Tanzania’s abundant mineral reserves have not been sufficiently exploited, even with the growing presence of global miners. A closer look reveals a series of developments that could well lift the economy sky high.
Ranked as the world’s fourth- largest gold producer and the sole producer of tanzanite (a mineral far more rare than diamonds), Tanzania has attracted a handful of mining giants from across the globe. From gold, diamond and gemstones, to the more recently discovered nickel, copper, uranium, titanium, cobalt and platinum, the East African nation is blessed with almost every mineral known to man.
Of particular interest in this basket of rich minerals is tanzanite, a brilliant and rare gemstone found only in Tanzania, but unfortunately not as well known globally as diamonds; yet it has a higher value than diamonds.
In Tanzania, tanzanite is mined in the foothills of Mount Kilimanjaro, Africa’s highest mountain. Recent geological research indicates that this source will be depleted in the next decade or two, and that the chances of finding tanzanite anywhere else in the world are “less than one in a million”. So if you don’t have a piece of this mostly dark blue gemstone yet, get one now! It might be too expensive to buy in 20 years’ time, when Tanzania’s supply runs out.
Turning to more well-known minerals, in the past five years, annual gold exports from Tanzania have tripled to $1.7bn as prices have increased, but government revenues have remained flat at around $100m a year.
The gap between the gold profit and government revenue is not a mystery – Tanzania has been providing tax and investment incentives to lure foreign companies for years, and in the process missing out on substantial revenue.
Following criticism over the industry’s relatively minor contribution to economic growth, the government started undertaking major reforms of its mining regulations. At an industry conference in November, Minerals and Energy Minister William Ngeleja vowed to raise royalty payments on gold exports, saying that new rates would be applied by the end of 2011.
This will be the second rise in less than two years. The 2010 Mining Act had increased the rate of royalty paid on minerals by a meagre 1%, increasing it from 3% to 4%. But more importantly, it required the government to own a stake in future mining projects.
Since enforcing the law, the state has become actively engaged in mining activities and now holds a 30% stake in Ngaka coal and 45% in the Buckreef gold project.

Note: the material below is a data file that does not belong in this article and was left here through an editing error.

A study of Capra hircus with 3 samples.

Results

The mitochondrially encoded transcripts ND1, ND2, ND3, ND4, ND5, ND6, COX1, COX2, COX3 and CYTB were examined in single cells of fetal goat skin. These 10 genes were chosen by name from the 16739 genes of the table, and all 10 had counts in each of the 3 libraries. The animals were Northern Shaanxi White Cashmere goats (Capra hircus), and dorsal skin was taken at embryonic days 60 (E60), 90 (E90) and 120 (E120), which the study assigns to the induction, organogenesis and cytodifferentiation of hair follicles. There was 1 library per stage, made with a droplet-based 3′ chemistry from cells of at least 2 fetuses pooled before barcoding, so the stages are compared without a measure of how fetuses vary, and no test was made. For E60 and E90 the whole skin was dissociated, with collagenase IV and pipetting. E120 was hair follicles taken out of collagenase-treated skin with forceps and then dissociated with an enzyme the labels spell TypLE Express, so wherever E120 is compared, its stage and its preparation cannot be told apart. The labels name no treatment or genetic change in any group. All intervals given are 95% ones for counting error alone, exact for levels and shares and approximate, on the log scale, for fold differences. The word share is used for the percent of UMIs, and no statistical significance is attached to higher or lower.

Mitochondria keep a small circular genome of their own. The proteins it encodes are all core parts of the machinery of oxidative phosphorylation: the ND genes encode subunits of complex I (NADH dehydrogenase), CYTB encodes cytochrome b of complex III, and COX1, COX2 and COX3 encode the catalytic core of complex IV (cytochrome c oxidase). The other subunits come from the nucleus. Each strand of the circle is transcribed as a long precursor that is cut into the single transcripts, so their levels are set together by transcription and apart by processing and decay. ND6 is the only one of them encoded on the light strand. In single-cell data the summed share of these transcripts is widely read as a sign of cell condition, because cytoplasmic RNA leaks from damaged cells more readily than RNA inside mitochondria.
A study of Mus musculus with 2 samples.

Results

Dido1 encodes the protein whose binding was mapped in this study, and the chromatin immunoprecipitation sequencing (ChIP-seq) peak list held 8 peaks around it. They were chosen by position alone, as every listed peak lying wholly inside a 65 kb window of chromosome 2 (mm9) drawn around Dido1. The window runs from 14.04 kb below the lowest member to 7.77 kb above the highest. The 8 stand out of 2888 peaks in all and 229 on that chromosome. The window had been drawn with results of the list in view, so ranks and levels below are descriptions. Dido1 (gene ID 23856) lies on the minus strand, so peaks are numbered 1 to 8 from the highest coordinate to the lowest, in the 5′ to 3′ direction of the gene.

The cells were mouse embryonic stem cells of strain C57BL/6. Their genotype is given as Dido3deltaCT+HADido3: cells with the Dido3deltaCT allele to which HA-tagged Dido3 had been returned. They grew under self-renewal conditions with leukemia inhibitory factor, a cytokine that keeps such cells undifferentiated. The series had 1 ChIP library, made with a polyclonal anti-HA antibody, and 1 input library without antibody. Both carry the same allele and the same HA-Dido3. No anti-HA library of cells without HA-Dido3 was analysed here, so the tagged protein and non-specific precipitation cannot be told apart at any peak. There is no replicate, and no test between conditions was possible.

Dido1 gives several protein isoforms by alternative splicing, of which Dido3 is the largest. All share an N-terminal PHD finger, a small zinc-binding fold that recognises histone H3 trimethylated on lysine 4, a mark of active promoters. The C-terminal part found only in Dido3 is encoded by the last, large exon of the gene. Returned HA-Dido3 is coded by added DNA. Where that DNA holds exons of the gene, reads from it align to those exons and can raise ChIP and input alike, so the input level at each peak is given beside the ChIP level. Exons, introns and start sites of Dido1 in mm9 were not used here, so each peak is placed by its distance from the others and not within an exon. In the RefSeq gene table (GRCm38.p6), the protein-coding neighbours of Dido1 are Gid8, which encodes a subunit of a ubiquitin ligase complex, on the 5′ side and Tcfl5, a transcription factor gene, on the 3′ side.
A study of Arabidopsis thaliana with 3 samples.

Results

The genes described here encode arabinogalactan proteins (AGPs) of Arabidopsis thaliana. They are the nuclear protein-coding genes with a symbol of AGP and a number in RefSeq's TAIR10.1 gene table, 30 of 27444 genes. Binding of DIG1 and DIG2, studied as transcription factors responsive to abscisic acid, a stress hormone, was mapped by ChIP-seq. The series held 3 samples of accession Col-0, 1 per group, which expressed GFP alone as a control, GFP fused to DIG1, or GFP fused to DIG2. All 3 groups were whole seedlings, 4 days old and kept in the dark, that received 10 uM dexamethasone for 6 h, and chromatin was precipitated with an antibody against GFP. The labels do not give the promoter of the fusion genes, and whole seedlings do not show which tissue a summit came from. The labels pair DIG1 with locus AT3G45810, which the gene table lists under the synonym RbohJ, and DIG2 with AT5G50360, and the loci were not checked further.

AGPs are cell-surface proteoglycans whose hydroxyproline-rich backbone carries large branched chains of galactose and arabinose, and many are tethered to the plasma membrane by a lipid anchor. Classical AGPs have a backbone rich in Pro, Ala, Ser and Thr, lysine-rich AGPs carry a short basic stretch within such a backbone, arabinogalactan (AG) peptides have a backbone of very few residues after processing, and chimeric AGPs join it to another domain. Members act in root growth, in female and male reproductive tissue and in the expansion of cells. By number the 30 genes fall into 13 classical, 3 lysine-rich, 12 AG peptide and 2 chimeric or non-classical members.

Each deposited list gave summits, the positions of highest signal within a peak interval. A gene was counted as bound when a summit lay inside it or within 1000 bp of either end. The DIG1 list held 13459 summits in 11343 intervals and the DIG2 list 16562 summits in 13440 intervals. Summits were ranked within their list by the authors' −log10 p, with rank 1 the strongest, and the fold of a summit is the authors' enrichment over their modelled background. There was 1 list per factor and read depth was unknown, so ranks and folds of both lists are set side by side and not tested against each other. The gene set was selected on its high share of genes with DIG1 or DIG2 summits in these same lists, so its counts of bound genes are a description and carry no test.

On the other hand, the government is considering abolishing the fuel tax refund to mining companies as a way to generate more revenue from this colossal industry, which currently consumes about 13.5 million litres of fuel per month, according to the Tanzania Chamber of Minerals and Energy.
However, all existing arrears owed by companies to the government – estimated at $274m – will be fully paid. But, according to Ally Samaje, the acting commissioner of minerals, “the most urgent issue is the royalty rate, so that government gains from current gold prices”.
When the mineral sector was liberalised in the late 1980s, a mining rush took over and still prevails. Although the advantages of large-scale mining are undeniable, having provided employment for thousands of Tanzanians, many blame large-scale mining for the displacement or relocation of villagers and small-scale miners, who are often forced to move away from their local areas for mining companies to operate there.
Some communities even claimed that their livelihoods were disrupted and their water sources polluted by large-scale mining.
Despite this darker side of mining, the industry will continue to occupy a prime position in the government’s development strategy. The country’s Vision 2025 Plan aims at transforming Tanzania into a middle income country, with a high level of industrialisation, competitiveness, a quality livelihood and a per capita income of $3,000 by the year 2025. So far, it seems a tall order, but the country is determined to achieve its target by the 2025 deadline.
In the medium term, there is a five-year development plan running concurrently with Vision 2025. Under this plan, the government wants to sustain macro-economic stability and growth (ie, GDP, employment, trade and investments growth), ensure the availability and accessibility of land for productive purposes, and enhance good governance, underlined by the rule of law.
Poverty is still a problem in Tanzania, as in most developing countries. So by enhancing the investment environment, and removing all barriers to trade and industry, the government hopes that more new jobs will be created to underpin even more growth in the economy, and by so doing reduce poverty and bring prosperity for all.
It is a delicate balance, and the government wants the extractive industry to play their part in a more responsible way.